The magazine The New Scientist, published an article entitled “Gut bacteria may contribute to autism” on 7 June 2010 by Linda Geddes. This is an over view of that article along with my insights and comments.
Once again research into gut bacteria, probiotics, amazes me.
There has been a rise in the incidence of autism world wide, along with an increase in a few other trends. The most dangerous of these trends is the increase in Caesar babies followed closely by excessive cleanliness and the use of antibacterial soaps etc.
After reading this article and adding the other two trends, I believe that they linked. Caesars, excessive cleanliness, excessive use of antibiotics result in the destruction of your gut microbes which it seems is a contributing factor in Autism.
Autistic children’s urine has a specific chemical signature. Jeremy Nicholson and colleagues at Imperial College London investigated 39 children with autism, 28 of their non-autistic siblings and 34 unrelated children, analysing urine samples of each.
The results showed each group had a distinct urine signature, with distinct differences in the autistic children. The chemicals in the autistic children’s urine are related to bacteria’s metabolic byproducts.
Autistic children suffer from severe gastrointestinal issues which occur at the same time as the behavioural symptoms.
Glenn Gibson of the University of Reading, UK, discovered the presence of clostridium bacteria in abnormally high concentrations in autistic children. His comments where “It adds another link to the gut bacterial involvement in the onset of disorder:”.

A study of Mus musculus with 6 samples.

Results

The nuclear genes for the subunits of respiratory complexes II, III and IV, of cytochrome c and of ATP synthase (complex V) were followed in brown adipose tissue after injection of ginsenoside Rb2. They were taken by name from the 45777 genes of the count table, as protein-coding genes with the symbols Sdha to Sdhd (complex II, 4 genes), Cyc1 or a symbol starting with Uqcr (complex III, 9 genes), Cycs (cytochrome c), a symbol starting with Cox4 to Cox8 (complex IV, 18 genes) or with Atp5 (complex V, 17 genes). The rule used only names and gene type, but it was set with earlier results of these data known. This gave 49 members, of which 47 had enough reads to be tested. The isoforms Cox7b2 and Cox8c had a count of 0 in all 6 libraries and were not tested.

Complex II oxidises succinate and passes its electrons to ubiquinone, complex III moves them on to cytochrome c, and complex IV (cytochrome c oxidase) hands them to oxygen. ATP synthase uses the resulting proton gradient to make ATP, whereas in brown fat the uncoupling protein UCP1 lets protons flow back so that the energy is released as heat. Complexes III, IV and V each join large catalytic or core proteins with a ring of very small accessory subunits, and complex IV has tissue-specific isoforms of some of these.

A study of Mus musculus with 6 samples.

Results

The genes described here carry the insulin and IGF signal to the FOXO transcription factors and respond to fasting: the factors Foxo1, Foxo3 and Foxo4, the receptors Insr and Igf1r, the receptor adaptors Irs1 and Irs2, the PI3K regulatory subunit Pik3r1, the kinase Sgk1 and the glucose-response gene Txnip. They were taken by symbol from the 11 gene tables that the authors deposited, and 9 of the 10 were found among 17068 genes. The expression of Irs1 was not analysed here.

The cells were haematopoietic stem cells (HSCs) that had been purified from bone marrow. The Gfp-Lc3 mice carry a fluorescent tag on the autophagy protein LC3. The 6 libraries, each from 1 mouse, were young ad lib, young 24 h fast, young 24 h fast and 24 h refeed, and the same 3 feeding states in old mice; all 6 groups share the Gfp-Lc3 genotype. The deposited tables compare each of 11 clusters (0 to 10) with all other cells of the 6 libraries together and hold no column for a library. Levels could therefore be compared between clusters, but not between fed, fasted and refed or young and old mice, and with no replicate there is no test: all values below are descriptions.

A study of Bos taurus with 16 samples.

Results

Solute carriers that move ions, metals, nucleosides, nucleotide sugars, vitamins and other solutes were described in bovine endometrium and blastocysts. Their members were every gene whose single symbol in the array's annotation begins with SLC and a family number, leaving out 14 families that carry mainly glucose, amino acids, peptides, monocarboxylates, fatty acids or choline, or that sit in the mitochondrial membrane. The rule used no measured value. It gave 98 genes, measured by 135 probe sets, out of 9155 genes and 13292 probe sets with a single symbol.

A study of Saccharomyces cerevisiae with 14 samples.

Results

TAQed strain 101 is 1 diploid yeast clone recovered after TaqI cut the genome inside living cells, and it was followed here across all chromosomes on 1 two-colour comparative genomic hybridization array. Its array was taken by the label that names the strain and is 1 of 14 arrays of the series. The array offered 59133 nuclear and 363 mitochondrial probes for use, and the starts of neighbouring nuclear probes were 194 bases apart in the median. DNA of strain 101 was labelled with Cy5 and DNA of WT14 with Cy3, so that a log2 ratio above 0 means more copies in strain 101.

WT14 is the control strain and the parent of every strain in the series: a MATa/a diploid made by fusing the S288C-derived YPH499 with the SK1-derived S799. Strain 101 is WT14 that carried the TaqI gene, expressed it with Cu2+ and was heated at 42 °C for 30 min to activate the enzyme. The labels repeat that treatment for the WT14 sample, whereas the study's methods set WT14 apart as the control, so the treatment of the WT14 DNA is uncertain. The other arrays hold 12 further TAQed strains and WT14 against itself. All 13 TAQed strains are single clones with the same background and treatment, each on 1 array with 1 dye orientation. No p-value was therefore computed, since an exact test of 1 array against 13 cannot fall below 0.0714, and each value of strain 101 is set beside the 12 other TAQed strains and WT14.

N-methyl-nicotinamide (NMND) was found in the urine, this has been linked to Parkinson’s disease as well. This chemical, a bacterial metabolic byproduct, may affect the development of the brain in children. Being linked to Parkinson’s disease adds to this theory.
The article goes on to say that using this chemical signature could be used as an diagnostic tool to identify children at risk. At present children are identified through behavioural tests. This delays the ability to identify children early on, delay interventions and treatment.
My thoughts are why not fix the problem at the source?
It seems pretty obvious to me that the problem is in the microbes of the gut. The balance is wrong due to many factors.
Start treatment by giving the child probiotics.
Even if this finding, about the metabolic byproducts, is wrong giving the child a probiotic daily is not going to do any damage and may prevent this terrible, life long, condition.